8 Tips for Transitioning Back to School
Back to school season can be a tough one. Adjusting to new routines presents a challenge not only for parents but also for students and their brains. Getting back into the routine of school and homework is very difficult tasks for many kids, especially those with attention and learning challenges.
However, there are many things parents can do with their kids that will ease the transition and increase their ability to focus and ultimately yield better homework and study time. Creating these habits at the start of the school year, when the workload is typically lighter, will benefit your child when the workload starts to pile up.
Create a working space for homework. It’s hard to focus on homework in the dining room when siblings are running around, mom is cooking dinner, and the television is on. Be mindful of your child’s needs and try to create a quiet space that can be theirs for homework.
Start preparing helpful snacks. Having sugar before study time is one of the worst ways to prepare our brains for good work. Sugar impairs communication between the brain cells, leads to a sugar crash, and increases anxiety. Anxiety creates discomfort and a desire to run away from the given situation. So giving your child sugar before homework will most likely only have negative effects (and watch out for those granola bars and crackers that boast “natural” or “healthy”…they often contain sugar). Protein is a power snack for the brain. Nuts, plain Greek yogurt, lunch meat, and peanut butter with celery are all great protein options to help prep your child’s brain for better focus and an energized brain.
Practice deep belly breathing. Belly breathing has been proven to lower anxiety and relax the central nervous system, thus lowering any erratic energy levels and instead associating homework or focus time with relaxation. Deep breathing is something that can be done all throughout homework time and as often as needed.
Create a routine for homework each day. Having your child in a routine will help them know what to expect. Routines also provide a feeling of security for children as it limits the chances of unexpected, sometimes stressful situations (as much as you don’t want to be up until all hours helping your child with homework, they don’t want to, either!). Creating a routine, with planned breaks, will help eliminate late or rushed homework and help your child understand what is expected of them each day. If you have a busy schedule with sports or the like, even having a clearly communicated routine with homework always being done in between practices in 30-minute increments will help.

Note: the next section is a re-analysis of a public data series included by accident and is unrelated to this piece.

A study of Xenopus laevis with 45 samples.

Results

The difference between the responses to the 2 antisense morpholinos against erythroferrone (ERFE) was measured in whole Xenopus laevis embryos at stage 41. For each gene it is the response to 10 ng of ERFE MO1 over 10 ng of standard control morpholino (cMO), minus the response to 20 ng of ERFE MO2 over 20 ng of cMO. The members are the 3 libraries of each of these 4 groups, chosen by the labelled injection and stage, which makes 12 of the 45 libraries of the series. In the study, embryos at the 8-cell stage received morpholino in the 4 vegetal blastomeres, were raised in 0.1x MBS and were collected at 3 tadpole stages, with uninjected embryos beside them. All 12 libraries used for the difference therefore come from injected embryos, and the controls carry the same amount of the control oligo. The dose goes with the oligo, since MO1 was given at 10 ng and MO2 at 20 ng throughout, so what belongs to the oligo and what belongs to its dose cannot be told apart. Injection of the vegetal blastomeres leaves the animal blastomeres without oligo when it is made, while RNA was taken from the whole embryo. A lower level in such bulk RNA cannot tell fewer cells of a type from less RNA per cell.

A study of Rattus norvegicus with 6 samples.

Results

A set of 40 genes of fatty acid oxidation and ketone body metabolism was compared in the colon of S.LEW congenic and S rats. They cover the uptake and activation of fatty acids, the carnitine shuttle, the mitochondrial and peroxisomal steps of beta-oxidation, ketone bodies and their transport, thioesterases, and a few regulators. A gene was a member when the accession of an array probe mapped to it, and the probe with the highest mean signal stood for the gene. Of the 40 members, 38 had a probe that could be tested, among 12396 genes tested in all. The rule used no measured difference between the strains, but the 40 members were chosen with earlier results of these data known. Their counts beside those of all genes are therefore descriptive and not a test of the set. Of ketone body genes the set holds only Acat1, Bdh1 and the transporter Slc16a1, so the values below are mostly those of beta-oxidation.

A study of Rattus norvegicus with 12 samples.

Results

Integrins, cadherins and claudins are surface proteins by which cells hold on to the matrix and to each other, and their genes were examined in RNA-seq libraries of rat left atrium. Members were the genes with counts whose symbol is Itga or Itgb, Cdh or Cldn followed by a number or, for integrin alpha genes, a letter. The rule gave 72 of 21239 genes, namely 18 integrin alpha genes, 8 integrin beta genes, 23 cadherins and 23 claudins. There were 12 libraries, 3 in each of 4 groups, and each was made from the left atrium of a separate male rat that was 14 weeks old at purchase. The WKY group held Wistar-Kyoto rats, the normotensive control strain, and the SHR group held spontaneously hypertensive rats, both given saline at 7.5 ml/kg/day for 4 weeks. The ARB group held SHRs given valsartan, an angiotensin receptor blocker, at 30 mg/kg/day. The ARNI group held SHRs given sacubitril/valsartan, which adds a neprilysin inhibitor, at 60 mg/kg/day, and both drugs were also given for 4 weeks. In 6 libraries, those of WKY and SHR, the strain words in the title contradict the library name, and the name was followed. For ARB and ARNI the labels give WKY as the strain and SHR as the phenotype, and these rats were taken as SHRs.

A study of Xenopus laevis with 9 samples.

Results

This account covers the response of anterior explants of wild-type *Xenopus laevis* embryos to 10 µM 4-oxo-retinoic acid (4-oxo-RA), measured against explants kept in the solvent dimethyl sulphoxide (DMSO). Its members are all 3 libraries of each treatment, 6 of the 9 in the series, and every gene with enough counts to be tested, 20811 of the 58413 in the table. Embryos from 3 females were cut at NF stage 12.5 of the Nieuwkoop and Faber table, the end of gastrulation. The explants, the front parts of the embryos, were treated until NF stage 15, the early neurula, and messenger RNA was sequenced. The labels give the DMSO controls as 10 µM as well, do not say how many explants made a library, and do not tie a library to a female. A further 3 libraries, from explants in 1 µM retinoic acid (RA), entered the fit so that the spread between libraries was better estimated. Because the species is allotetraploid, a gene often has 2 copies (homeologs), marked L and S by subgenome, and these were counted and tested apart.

Communicate accurately. Be sure your child knows what you’re expecting. If the task is a large one (like a multi-step homework assignment, for example) break it down into steps and explain to them which steps to do first. If necessary and appropriate for age, sit with them to help walk them through the steps. Once they perform these steps accurately with you, they will build confidence in doing it on their own.
Do some quick brain exercises. These exercises are all effective in promoting communication within the brain and enhancing underlying processing skills. Sometimes kids just need a movement break, so getting the body moving will often make the next 10 minutes of focus time easier.
Do heavy work. If your child is one who fidgets often and can’t sit still in their seat, heavy work may be of more benefit than you think. Heavy work is anything that creates healthy tension in our bodies. Push-ups, pull-ups, carrying heavy boxes, crab crawls—all of these are heavy work activities that provide our brains and bodies with more input and thus create a feeling of security with where we are in space. This can have a calming effect on many fidgety kids.
Do focus activities throughout the day. These can be anywhere from 1-10 or 15-minute activities, depending on what your child can handle. Simple things like staring contests and the quiet game help to build a sense of concentration in children. You can even make your own game, having your child stare at something particular (like a shiny sticker on the wall or a stuffed animal) and time them. Challenge them to try and beat their time every day. This is also a great game for encouraging deep breathing. For older children and teens, practice mindfulness activities, which have been proven to reduce attention problems.
Have you tried any focus activities that have yielded good results? We’d love to hear your experience in the comments.